How low should our cholesterol be and just how safe are statins?

Experts in Sweden are warning that the new U.S. recommendations for lowering cholesterol levels would increase the risk of harmful side effects with no overall reduction in deaths.

According to the American National Cholesterol Education Program people at high risk of heart disease should be treated more aggressively and by that they mean that LDL-cholesterol concentrations should be lowered to less than 1.81 millimoles per litre of blood (mmol/l) in high-risk individuals.

At present guidelines generally recommend 2.56 mmol/l as a healthy reading.

Uffe Ravnskov, an independent researcher from Lund, Sweden says that in order to achieve this most of the Western world’s adult population would be on statins, and doses would have to be more than eight times higher than currently used, and this in turn would increase both the number and seriousness of side effects.

Ravnskov's team suggest that such high doses would mean side effects could include heart failure, myalgia and rhabdomyolysis (which destroys muscle tissue), neurological problems and cancers.

The Swedish warning on the potential risks of using statins in high doses has evoked strong criticism from some of the top U.S. cardiologists who say the researchers have ignored the findings of many large clinical trials that show the benefits and safety of statins, even in large doses.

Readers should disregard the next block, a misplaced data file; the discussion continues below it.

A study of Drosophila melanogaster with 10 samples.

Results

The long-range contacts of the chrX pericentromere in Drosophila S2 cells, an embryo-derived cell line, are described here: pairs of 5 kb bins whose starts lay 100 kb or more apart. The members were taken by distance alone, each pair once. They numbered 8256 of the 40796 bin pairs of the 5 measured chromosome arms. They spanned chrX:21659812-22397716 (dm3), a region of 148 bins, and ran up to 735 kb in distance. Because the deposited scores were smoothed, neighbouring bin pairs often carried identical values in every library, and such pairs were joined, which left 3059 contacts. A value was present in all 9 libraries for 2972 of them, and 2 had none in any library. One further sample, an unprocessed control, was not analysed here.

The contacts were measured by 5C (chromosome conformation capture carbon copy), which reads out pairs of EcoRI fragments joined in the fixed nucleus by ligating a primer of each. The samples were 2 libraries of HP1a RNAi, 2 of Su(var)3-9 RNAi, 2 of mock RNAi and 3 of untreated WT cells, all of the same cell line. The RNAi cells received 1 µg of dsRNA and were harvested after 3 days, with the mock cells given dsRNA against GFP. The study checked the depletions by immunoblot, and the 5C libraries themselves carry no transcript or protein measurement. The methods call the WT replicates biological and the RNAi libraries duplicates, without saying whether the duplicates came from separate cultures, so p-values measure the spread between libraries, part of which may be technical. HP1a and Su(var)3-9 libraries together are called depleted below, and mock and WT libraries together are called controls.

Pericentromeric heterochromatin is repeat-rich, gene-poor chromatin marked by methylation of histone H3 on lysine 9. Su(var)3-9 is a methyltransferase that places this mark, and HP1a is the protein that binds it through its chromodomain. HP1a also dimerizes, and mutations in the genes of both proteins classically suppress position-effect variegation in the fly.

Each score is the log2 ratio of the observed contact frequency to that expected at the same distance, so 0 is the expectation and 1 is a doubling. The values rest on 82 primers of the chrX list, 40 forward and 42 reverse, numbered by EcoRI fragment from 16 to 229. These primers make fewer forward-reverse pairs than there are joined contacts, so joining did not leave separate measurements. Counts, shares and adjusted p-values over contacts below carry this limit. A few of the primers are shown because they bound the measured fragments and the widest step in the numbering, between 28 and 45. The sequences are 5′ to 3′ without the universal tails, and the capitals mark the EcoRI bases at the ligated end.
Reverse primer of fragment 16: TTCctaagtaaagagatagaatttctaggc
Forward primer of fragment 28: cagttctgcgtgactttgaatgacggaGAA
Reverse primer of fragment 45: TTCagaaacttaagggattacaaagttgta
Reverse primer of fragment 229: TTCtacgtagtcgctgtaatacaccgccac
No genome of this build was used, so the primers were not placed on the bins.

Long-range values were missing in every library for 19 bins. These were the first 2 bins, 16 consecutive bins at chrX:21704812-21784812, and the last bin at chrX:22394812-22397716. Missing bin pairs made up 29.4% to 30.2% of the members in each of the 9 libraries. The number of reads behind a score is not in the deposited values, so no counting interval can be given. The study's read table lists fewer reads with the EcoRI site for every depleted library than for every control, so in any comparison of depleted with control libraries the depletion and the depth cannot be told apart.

Dr. Steven E. Nissen, interim chairman of the department of cardiovascular medicine at the Cleveland Clinic, and president of the American College of Cardiology says high doses of statins are safe and this is supported by many studies which have shown most people tolerate such drugs very well and there is no reliable data on heart failure, neurological symptoms, and cancer.

Nissen says he believes that the benefits of statins outweigh the risks and in terms of how low cholesterol should be, Nissen says it depends on the patient and whether there is existing coronary disease; then it probably should be as low as possible and other experts agree with this view.

Some experts are not quite so convinced however and say statins are known to upset the liver, upset muscle function, and possibly affect brain function, and such information is possibly suppressed due to the large commercial interest in statins which are the biggest-selling drugs in the world.

One expert goes as far to say he is against the taking of statins to prevent heart attacks and points out that there is no evidence to prove that they help women.

The Swedish researchers say that any reduction in non-fatal events may be outweighed by more numerous and more severe adverse effects.